Lately, I’ve seen a lot of clients with hip and back issues. The low back and the hip are neighboring joints that help each other out and at times can be indistinguishable in determining the source of pain. You can experience pain in the hip or glutes (aka the butt) but it can be coming from the low back. You can experience low back pain that is actually stemming from the hip. Either way, when the low back and hip are out of whack, it makes for a difficult time doing your daily routine, especially if you are on your feet doing prep work and then service. That makes for a long and uncomfortable day in the restaurant industry.
The hip joint sits deep in the pelvis, under the gluteal muscles. There are layers of muscles that support, control and move the hip. This joint is a ball and socket joint, like a golf ball on a tee. It is a weight-bearing joint that is closely intertwined with the low back and this area is a necessary support and foundation to our bodies. It is sturdy and can take a lot of impact but if it is too much or it is just in the wrong place at the wrong time, it can give out on us. And that is when you get what is called a labral tear in the hip.
The labrum is a cartilaginous piece that sits like a ring on the rim of the hip socket. This socket is actually part of the pelvis that is called the acetabulum. The labrum exists to provide stability to this ball and socket joint. It is connected to the joint capsule and helps to close off the joint and encapsulate it, both for joint health and joint integrity. If it is damaged, the joint can degenerate from excessive shear, the axis of rotation can be off and the nutrition in the joint can be diminished. This repetitive micro-trauma can eventually lead to a macro-trauma within the joint.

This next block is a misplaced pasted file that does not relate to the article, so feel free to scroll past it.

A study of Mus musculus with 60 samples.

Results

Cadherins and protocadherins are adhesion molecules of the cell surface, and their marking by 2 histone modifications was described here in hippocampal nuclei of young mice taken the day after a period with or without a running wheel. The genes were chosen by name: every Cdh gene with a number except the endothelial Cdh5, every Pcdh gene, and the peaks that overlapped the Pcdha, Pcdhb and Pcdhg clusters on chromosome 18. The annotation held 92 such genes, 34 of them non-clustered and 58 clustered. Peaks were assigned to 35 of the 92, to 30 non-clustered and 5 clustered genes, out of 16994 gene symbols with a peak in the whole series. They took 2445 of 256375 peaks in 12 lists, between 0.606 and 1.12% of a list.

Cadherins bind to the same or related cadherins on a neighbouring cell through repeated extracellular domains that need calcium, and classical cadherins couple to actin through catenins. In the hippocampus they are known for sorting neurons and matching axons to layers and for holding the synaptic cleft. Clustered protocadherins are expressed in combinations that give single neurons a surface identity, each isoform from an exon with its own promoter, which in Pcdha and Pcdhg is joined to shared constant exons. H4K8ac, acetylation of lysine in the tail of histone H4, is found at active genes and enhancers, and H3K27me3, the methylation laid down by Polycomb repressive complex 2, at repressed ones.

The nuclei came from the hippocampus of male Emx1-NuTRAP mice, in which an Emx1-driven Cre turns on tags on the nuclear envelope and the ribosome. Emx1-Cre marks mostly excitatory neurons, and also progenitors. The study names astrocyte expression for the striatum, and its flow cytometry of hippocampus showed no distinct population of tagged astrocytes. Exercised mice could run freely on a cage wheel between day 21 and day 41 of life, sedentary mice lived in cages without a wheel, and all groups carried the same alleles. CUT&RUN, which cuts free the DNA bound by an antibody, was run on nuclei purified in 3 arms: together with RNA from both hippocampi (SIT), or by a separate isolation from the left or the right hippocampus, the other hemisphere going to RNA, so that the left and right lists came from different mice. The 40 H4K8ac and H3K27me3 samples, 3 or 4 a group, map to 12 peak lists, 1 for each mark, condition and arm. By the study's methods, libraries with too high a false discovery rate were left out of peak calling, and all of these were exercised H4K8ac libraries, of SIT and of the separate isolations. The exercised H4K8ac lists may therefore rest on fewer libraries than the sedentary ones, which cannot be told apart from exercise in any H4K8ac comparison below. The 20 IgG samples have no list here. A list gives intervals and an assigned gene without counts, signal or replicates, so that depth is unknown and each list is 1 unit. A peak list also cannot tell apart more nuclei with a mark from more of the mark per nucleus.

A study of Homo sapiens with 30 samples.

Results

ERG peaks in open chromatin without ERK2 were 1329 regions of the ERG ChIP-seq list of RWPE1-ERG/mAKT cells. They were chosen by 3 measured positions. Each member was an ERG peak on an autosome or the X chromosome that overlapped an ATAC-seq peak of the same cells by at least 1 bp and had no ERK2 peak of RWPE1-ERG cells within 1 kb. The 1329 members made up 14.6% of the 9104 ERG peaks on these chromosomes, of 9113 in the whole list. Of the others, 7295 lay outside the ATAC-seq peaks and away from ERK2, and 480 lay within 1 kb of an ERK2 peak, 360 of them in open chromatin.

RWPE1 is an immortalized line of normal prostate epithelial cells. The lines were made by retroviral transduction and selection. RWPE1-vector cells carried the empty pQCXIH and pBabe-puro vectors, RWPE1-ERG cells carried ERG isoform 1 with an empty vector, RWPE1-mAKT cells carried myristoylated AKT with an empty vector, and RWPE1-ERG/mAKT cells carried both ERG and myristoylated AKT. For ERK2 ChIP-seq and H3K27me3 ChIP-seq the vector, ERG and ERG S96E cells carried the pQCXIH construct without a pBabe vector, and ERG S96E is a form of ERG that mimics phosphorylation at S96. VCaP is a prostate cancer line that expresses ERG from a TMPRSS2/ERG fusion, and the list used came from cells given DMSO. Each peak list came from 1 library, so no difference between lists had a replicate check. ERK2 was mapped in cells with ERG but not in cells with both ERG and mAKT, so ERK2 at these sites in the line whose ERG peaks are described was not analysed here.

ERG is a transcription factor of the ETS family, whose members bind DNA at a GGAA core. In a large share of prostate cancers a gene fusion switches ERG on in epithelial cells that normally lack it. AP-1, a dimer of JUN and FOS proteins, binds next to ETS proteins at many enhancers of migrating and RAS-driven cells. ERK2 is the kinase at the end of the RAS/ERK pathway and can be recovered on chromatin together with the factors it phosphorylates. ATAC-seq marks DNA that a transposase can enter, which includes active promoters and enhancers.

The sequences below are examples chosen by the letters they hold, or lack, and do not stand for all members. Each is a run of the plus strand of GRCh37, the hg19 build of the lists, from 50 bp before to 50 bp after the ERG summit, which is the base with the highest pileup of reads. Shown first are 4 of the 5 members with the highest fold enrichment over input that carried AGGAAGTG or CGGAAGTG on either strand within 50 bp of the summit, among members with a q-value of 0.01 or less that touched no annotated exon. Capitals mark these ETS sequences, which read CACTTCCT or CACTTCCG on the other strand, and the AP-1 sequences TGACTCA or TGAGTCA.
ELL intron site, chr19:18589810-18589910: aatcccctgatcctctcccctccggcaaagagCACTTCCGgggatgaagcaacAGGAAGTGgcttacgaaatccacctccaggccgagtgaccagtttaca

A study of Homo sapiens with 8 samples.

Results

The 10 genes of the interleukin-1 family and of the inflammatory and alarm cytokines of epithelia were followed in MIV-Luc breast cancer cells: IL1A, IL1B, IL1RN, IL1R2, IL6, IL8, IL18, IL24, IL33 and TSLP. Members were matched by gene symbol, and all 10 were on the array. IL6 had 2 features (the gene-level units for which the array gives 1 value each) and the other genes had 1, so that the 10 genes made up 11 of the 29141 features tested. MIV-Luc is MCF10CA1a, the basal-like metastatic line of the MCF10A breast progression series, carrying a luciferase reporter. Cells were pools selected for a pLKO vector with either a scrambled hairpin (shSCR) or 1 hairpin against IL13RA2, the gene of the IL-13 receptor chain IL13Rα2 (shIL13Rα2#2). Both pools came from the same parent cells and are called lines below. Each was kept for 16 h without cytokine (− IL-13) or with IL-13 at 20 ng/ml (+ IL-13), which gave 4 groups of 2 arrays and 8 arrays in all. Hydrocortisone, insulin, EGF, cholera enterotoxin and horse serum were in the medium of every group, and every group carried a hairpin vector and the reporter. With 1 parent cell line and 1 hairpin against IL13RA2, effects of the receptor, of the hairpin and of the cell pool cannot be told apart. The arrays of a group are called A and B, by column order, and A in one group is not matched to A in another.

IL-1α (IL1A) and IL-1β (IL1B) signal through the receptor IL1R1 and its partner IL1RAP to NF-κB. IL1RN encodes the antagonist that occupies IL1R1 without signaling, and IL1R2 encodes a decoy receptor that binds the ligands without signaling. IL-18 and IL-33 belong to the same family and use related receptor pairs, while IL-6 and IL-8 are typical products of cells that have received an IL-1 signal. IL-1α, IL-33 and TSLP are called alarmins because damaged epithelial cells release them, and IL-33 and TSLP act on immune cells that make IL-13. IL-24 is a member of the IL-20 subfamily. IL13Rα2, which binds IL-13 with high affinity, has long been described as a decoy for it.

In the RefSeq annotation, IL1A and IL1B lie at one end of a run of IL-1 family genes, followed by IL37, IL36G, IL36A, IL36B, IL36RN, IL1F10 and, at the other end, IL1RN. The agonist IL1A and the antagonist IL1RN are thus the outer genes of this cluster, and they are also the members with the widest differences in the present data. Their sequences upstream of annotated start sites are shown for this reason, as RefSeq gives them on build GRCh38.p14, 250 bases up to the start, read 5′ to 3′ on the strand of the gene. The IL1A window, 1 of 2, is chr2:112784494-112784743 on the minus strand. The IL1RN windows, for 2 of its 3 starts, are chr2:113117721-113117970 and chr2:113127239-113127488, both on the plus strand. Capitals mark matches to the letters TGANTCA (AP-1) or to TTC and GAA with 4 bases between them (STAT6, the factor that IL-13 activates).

Injury is the major cause of labral tears. Working in the kitchen takes its toll on the weight bearing structures in the legs, even if you are standing relatively still. But, start moving from station to station and you’ll get that repetitive trauma, possibly a macro-trauma if you slip and fall. So, repetitive motion or a single trauma are common causes. Structural changes (both congenital and functional, meaning you are either born with it or it changes from improper posture or use) can also cause damage and injury. Symptoms are pain deep in the hip joint or the groin, clicking, catching or locking, stiffness and weakness or instability. The pain is typically local but can also radiate into the buttocks, side of the hip and even down to the knee.
People can live with labral tears but oftentimes have a baseline level of discomfort in the knee joint. They have to modify their activities to minimize irritating the damaged structure inside the joint. They might also have to modify positions so as not to stress the joint.
Physical therapy includes decompression techniques and modalities to reduce pain and inflammation, stretching and strengthening. The low back and core are also included so that the region exists in its most optimal position with good strength, stability and endurance. Planks, clams, straight leg raises, and squats are examples of strengthening activities for the low back and hip. We also use additional therapies like kinesiology tape to help increase neuromuscular activation during exercise and during your daily routine.
If conservative care cannot help, surgery is an option. It can include a labral repair (where the tissues are sewn together) or a debridement (where the tissues are shaved down). Recovery after surgery can take up to 4 to 6 months and you are able to return to all normal activities at the 6 month mark.
Whatever road you go down, make sure to consult your local physical therapist to start. Oftentimes, we can help avoid surgery. If not, we can make a recommendation to the best-suited surgeon at the appropriate time after injury. The goal is to get you back on your feet as quickly and safely as possible, with that hip joint of your bearing the weight of you and the drinks and exquisite dishes you bring to your customers.